Heart Attack


Phoenix Heart Attack Malpractice Lawyers

According to federal statistics, nearly 500,000 people in the United States die as the result of a heart attack (myocardial infarction) each year.  Many of these deaths could be prevented by quick diagnosis and treatment or by attention to developing symptoms of coronary artery disease.  However, this does not always happen.  Doctors sometimes miss the signs of a developing heart attack and fail to act appropriately to prevent further damage.  The result is life-altering cardiac damage or a death that could have been prevented.

Failing To Recognize Symptoms of a Heart Attack

We see situations in which the classic symptoms of a heart attack were present, but not recognized as being cardiac related.  Crushing chest pain, shortness of breath, and pain radiating to other parts of the body, most commonly the left arm or the back, are the most common signs of a heart attack.  Many times, however, the symptoms are less obvious.  In these situations, doctors must rule out a heart attack, even if they believe the symptoms are being caused by something else.  That does not always happen.  Patients can be left sitting in the emergency room waiting area without getting the critical treatment needed to save their lives, or worse, sent home with the wrong diagnosis.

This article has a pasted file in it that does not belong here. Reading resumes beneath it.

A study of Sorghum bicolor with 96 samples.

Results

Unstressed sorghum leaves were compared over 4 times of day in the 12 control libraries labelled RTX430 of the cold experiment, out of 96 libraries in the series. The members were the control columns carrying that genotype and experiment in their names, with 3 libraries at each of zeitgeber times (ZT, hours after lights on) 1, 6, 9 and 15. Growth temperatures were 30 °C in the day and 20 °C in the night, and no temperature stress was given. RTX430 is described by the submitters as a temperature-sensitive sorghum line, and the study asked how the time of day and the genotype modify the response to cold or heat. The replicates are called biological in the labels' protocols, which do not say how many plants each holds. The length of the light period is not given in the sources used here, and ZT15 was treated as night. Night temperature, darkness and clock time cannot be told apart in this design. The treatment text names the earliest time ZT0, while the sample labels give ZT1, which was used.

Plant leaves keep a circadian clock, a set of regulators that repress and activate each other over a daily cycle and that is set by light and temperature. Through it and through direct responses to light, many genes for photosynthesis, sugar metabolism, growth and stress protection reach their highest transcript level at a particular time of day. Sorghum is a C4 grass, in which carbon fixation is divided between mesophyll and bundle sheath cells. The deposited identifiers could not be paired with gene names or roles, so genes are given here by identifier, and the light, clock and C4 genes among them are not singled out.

Time Is of the Essence

Like so many life-threatening, emergent, medical conditions, when a doctor misses the signs of heart attack, the critical period of time when action can be taken effectively is lost. While many heart attack victims never make it to a doctor’s care in time, those that do trust that a trained health care professional will recognize the signs of a heart attack and take prompt action.

Contact Our Phoenix, Arizona Medical Malpractice Law Firm for Claims Involving Heart Attack

Contact us at (602) 648-3200 about any medical malpractice that you or a loved one may have experienced anywhere in Arizona involving heart attack and heart attack misdiagnosis.  Consultations are free and confidential.